Monday, March 23, 2015

Solar Energy Comes of Age in the U.S.

Barely ten years ago, the idea of solar power was still mostly mocked as the limited energy purview of assorted "tree hugger", arugala-munching  elites, but too expensive for the average person.  Even the arugala-munching  elites mainly used it for water heating. The expansion to utility power companies and multi-purpose uses had not yet occurred. Basically, thin -film photovoltaics (PV) had not yet emerged. Silicon had been the element of choice for solar panels, which was more efficient but expensive and difficult to mass -produce. Now that's changed.

Favorable economics for the PV thin-film panels have led to an explosion in solar energy potential most Americans are only dimly aware of. For example, most don't know that on February 9th a utility -scale solar power plant (run by "Desert Sunlight") was officially dedicated.

This occurred on 3,800 acres of land administered by the Bureau of Land Management - and most noteworthy - is now the 6th operational plant on federal property. (The gov't operates 250 million acres, mostly in the sunny, arid West, perfect for solar panels.)

The problem of utility scale solar plants poses an interesting conundrum. They need to be somewhere with year round sunlight, in a space vast enough to contain hundreds of thousands of solar modules, but close enough to civilization to easily connect to the grid.  Fortuitously, Desert Sunlights plant meets all the criteria, situated just outside Desert Center - a tiny town southeast of Joshua Tree National Park.

The site features millions of 1.2m by 0.6m panels each covered by a thin film of glass that absorbs sunlight and captures elections creating an electric current that flows into wires in the rear of each module. This represents d.c. (direct current) power which is then converted into a.c. by inverters. The converted power is then transferred to the electrical grid via a nearby substation. Each panel generates 90 to 100 watts,

Other facts of the burgeoning solar power industry with which you may be unaware:

- Desert Sunlight's solar plant has 8 million solar panels in all.

- About 160,000 homes are solar-powered by Desert Sunlight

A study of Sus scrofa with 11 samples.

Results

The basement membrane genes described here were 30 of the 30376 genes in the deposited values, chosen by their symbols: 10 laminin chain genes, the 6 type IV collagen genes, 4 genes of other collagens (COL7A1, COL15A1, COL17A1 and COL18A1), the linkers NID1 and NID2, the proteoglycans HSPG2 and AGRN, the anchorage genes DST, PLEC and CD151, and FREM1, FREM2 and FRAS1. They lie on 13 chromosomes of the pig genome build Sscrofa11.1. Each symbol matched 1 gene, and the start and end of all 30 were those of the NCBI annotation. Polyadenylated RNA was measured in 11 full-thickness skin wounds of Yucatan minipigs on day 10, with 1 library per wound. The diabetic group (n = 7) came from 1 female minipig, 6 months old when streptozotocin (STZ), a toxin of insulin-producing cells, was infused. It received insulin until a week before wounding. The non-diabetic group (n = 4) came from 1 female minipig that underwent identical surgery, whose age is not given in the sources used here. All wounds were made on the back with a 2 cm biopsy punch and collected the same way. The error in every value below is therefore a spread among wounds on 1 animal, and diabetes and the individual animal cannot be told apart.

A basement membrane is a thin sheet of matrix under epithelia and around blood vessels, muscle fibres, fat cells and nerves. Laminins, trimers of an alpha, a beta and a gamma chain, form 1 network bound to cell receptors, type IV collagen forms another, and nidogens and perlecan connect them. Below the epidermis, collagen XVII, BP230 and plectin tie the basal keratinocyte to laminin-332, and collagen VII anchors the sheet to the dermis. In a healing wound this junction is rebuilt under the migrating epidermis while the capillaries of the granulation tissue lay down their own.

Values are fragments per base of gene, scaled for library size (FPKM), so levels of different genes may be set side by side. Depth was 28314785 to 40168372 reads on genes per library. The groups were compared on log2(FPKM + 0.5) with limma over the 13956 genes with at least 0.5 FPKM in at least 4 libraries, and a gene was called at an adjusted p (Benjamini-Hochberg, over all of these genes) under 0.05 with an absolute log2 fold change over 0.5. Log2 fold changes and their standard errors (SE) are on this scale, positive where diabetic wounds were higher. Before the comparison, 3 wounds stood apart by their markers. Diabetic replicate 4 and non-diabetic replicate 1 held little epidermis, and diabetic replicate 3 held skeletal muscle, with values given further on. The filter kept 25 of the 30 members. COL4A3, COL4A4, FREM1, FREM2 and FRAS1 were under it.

- Fifty two utility scale renewable energy projects have been approved since 2009, including 29 solar plants.

- Solar power is now a $15 billion a year business in the U.S., employing more people than coal mining

- In 2014 alone, solar energy accounted for 36 percent of the country's new (installed) energy capacity

- First Solar has plans to build a 750 MW plant in Riverside, CA, even bigger than Desert Sunlight's.

All these ought to give Americans reason to hope that we've turned the corner on solar energy and perhaps very soon we might be able to pull back a bit on fossil fuels, including fracked oil and natural gas. In any case we have to, there's no issue on it.

Bill McKibben's 2, 795 gigatons is perhaps the scariest number most people never heard of- but Americans need to drill into their craniums. . It represents the total stored reserves of carbon held by coal, gas and oil companies. It was first highlighted and brought to global attention by the Carbon Tracker Initiative - a group of London financial analysts and environmentalists.  It is what the fossil fuel industry plans to exploit in the future by its whole spectrum of methods, whether deep sea drilling, oil shale fracking or natural gas fracking.

It is, in other words, five times more carbon than will already blow a gasket in our world and send it toward runaway greenhouse. It is a number we cannot afford to realize if we want to pass this planet on in any form to future generations.

And solar power may be the key to helping us avoid reaching it!